Global commodity prices marked a fourth straight annual decline in 2014 – their longest losing streak in 23 years!
But not all commodities are getting minced right now. In fact, some are thriving with opportunity.
Indeed, while lingering concerns about global economic growth battered the appetite for raw materials, the appetite for beef remains strong.
As a result, live cattle futures have been able to withstand the commodity price slaughtering.
Plus, studies have shown that January is actually a better month for U.S. food sales than December, as consumers tend to stock up early in the year.
So how do you take advantage of this trend?
Well, you could buy a big freezer and wait until spring to stock up on beef…
But a better way is through options on live cattle futures.
Futures vs. Options: Choosing Your Meal
Live cattle futures prices dropped in mid-December, namely because the markets feared consumers would find that high beef prices weren’t in their budgets, and switch to alternatives such as chicken or fish.
But, surprisingly, this wasn’t the case. Consumers spent the money they saved at the gas pump on their favorite beef cuts for their holiday dinners. This caused futures to stabilize and then work their way up again to over $1.72 per pound.
But prices at these levels just aren’t sustainable.
Contagion in the global markets, which is already taking effect on equity prices, may hit food sales soon. And as January progresses, food sales generally decline.
That’s where an options strategy comes in. You can think of it as insurance against a price drop, in this case.
By going with options instead of futures, you benefit in two ways…
First, instead of taking a position on the underlying live cattle futures outright, the buyer of a live cattle option gains additional leverage. That’s because the premium payable is typically lower than the margin requirement needed to open a position in the underlying live cattle futures.
Second, when you buy options, your potential maximum loss is limited to the premium price.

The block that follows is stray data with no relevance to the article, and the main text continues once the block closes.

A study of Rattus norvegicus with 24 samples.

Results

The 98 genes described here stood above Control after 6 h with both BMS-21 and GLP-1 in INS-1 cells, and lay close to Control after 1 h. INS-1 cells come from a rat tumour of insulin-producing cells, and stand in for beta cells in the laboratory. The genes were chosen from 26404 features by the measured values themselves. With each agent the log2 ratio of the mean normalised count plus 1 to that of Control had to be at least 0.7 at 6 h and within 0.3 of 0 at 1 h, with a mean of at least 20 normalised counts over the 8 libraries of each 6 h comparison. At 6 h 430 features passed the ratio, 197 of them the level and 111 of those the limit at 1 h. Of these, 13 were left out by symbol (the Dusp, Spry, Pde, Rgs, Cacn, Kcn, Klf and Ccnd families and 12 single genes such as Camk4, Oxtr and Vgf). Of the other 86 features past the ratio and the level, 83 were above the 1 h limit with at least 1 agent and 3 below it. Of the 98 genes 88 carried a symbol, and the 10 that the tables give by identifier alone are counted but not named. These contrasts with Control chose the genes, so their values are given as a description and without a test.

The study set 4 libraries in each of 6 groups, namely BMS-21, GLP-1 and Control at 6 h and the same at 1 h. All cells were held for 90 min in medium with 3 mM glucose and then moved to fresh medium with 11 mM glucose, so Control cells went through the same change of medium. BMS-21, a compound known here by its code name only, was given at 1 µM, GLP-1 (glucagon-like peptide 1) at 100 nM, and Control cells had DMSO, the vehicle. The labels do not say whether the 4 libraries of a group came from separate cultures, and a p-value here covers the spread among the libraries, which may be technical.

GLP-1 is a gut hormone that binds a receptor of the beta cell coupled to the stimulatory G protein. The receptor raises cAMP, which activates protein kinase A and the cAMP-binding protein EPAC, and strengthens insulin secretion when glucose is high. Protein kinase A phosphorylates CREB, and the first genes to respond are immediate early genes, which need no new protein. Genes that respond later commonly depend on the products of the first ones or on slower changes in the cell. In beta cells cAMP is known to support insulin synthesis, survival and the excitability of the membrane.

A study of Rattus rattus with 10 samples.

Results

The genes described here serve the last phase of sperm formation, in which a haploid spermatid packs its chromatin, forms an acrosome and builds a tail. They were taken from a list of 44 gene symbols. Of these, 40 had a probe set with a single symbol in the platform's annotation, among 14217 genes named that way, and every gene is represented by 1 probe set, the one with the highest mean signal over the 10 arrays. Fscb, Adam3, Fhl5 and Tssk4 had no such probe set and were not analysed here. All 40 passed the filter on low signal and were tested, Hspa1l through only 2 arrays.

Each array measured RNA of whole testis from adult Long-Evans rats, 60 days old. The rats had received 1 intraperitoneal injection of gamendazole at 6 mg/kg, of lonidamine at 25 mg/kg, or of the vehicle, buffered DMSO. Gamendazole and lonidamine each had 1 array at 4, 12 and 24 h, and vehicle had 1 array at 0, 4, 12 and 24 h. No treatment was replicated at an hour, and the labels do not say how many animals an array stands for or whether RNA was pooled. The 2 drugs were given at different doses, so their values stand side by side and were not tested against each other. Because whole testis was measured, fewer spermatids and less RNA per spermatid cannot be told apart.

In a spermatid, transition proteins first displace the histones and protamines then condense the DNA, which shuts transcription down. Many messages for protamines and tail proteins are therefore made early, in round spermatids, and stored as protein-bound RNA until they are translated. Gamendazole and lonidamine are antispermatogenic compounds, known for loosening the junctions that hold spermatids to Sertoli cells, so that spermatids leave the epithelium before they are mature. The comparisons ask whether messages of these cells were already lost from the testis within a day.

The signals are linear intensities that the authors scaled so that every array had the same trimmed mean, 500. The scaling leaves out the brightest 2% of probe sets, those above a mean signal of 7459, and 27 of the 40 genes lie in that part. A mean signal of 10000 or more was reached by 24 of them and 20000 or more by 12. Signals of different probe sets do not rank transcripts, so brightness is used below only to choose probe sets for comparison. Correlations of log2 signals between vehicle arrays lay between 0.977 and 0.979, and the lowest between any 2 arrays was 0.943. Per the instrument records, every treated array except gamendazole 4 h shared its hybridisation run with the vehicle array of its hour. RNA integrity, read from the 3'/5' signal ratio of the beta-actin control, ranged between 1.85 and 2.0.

The holder of a live cattle put option, for instance, possesses the right (but not the obligation) to assume a short position in the underlying live cattle futures at the strike price. This right ceases to exist when the option expires, which is after the market closes on the specified expiration date.
Chicago Mercantile Exchange (CME) live cattle option prices are quoted in dollars per pound, and their underlying futures are traded in lots of 40,000 pounds (18 metric tons) of live cattle.
So how would you pull this trade strategy off successfully?
Buying a Juicy Put
Let me walk you through an example.
Let’s say that you think live cattle futures prices will drop during the first quarter. Your first task would be to check out the April contract on the CME.
Now, let’s assume that by the option expiration date, the price of the underlying live cattle futures has fallen by 15% and is now trading at $1.3611 per pound. At this price, your put option is now in-the-money.
By exercising your put options, you get to assume a short position in the underlying live cattle futures at the strike price of $1.60. In other words, you get to sell 40,000 pounds of live cattle at $1.60 per pound on delivery day.
But wait a minute…
You likely don’t have room for a herd of cattle to roam around your backyard, right?
In order to take a profit, you would need to enter an offsetting long futures position in the April contract of the underlying live cattle futures at the market price of $1.3611 per pound. This would result in a gain of $0.2389 per pound.
Since each put option represents 40,000 pounds of live cattle, the gain from the long put is $9,558. Deducting the initial premium of $2,020 that you paid for the put, your net profit from the long put strategy equals $7,538.
Here’s a quick cheat sheet on the whole strategy.
There are a few other things investors should contemplate when using this strategy.
Considering All the Choice Cuts
One consideration is that because CME live cattle options are American style, the holder has the right to exercise the option on any business day that the option is traded (up to expiration day). And if the holder chooses not to exercise the put, it expires worthless, and the maximum loss is the premium.
It’s also good to note that options have a limited lifespan and are subjected to the effects of time decay. The value of a live cattle option, or more specifically its time value, erodes as time passes.
Investors should also remember that they do not have to exercise the put option to realize their profit.
You see, you can close out the position by selling the put option through a sell-to-close transaction. Proceeds from the option sale will also include any remaining time value if there’s still some time left before the option expires.
In the example above, since the sale is performed on option expiration day, there’s virtually no time value left. Thus, the amount you’ll receive from the live cattle option sale will be equal to its intrinsic value.